CHAPTER 3: History to 1800
The first stage in preparing this part of the study was to assemble as much material as I could find, ranging from major essays to fragmentary references; one amusing result was a strong inclination to write a survey of histories of the dulcimer, for what was accumulated was a fascinating mixture of stock phrases and ideas, mostly gained from the writers of the early treatises, and in later generations, from the pioneering, but rather uneven, work of Engel and Sachs; to this was added an amazing overlay of personal interpretations of other data, some having identifiable sources which could be re-examined, others reading like fantasy novels. Some writers engendered a marked respect - here I would mention especially Brigitte Geiser in Bern and Hubert Boone in Brussels; others, including some of the leading scholars, displayed an astounding and encyclopaedic knowledge, but so little basic grasp of what a dulcimer is that their comments on - and even classification of - source material was often puzzling; and again, there were those who knew much about dulcimers, but rather little about scholarship.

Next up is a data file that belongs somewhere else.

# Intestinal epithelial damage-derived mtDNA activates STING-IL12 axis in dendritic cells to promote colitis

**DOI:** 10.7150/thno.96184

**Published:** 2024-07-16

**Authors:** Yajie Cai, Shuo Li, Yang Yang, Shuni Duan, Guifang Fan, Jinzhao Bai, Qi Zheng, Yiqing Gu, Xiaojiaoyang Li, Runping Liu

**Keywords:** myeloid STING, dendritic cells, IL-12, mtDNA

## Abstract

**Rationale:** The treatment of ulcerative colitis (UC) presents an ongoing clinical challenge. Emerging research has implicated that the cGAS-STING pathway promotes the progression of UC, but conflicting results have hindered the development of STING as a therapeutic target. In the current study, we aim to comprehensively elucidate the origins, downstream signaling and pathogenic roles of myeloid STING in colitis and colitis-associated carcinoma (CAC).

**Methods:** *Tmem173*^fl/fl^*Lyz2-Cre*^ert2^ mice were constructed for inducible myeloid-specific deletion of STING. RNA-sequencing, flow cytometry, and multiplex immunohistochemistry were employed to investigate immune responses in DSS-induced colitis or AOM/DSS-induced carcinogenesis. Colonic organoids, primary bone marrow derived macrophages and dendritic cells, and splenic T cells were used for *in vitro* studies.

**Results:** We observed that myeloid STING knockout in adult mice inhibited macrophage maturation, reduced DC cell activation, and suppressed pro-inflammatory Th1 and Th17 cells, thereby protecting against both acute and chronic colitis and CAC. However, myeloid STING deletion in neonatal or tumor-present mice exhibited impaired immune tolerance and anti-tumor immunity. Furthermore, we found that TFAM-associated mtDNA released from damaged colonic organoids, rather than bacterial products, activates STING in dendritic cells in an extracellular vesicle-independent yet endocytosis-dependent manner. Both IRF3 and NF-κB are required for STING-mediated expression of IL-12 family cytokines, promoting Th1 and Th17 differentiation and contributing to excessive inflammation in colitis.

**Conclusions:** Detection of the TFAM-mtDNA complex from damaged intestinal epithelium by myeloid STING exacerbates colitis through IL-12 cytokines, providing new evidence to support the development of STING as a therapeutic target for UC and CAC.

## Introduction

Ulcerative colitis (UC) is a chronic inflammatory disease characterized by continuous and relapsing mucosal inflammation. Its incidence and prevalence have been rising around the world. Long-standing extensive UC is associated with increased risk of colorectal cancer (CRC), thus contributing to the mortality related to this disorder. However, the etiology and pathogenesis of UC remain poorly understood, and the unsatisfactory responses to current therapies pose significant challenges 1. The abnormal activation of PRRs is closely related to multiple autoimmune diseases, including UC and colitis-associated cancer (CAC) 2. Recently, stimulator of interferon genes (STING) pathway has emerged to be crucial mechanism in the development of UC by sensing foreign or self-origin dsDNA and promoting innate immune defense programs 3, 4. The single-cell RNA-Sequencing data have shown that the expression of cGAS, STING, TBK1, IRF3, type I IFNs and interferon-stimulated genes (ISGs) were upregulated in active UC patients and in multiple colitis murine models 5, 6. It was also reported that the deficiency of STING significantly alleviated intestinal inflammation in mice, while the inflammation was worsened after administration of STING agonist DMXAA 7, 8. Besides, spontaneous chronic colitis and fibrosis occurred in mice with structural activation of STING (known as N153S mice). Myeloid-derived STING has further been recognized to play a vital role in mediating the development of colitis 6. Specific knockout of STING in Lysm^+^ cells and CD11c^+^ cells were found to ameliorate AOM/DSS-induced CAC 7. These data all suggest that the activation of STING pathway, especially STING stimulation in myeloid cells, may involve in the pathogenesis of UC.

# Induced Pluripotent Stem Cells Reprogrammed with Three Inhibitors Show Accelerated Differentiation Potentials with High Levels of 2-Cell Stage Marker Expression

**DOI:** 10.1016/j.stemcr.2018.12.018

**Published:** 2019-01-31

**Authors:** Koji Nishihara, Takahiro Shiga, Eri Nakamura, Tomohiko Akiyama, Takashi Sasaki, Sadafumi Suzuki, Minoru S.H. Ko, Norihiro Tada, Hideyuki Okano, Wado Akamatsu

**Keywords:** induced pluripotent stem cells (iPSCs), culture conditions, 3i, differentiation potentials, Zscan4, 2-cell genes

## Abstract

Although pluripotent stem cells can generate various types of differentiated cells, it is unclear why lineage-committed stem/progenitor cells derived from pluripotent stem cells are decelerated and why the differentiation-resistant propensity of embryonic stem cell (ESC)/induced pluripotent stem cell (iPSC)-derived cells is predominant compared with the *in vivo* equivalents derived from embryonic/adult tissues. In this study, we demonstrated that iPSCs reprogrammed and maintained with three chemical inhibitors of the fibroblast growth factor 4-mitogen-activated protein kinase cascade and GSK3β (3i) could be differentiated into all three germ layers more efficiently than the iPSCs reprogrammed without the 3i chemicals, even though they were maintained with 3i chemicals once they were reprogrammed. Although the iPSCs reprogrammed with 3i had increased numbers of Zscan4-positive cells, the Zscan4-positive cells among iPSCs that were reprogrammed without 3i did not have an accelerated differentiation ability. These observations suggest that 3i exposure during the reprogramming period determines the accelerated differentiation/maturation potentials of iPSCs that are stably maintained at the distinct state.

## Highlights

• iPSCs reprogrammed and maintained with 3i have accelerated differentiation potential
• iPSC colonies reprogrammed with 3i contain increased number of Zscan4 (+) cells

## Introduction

I have tried to bring something of both the practical and the scholarly to all my work here, in collecting copies of icons and literary references, and details of surviving instruments, both privately owned and in museums; the originals were consulted wherever that was feasible.
The second stage was to re-examine the hundreds of items of source material collected, and to restructure it to give a cohesive and balanced view of the instrument.
My purpose in the third stage - writing the history - has been threefold:
- firstly, to mention the first examples of innovations;
- secondly, to give a picture of the overall situation in each epoch;
- and thirdly, to quote in detail particularly graphic sources which illuminate a particular facet in a human way, to show that it was all really happening.
Be all that as it may, the function of this chapter is to trace the development of the dulcimer throughout history, not, in general, the development of writings about the dulcimer: a detailed 'history of dulcimer histories' would be instructive but too time-consuming for the present work, and, frankly, not sufficiently productive. The major areas of controversy are discussed in Chapter 7, but minor divergencies of opinion have had to be merely noted in passing or occasionally even ignored.
A general outline of the instrument's historical development is charted in here.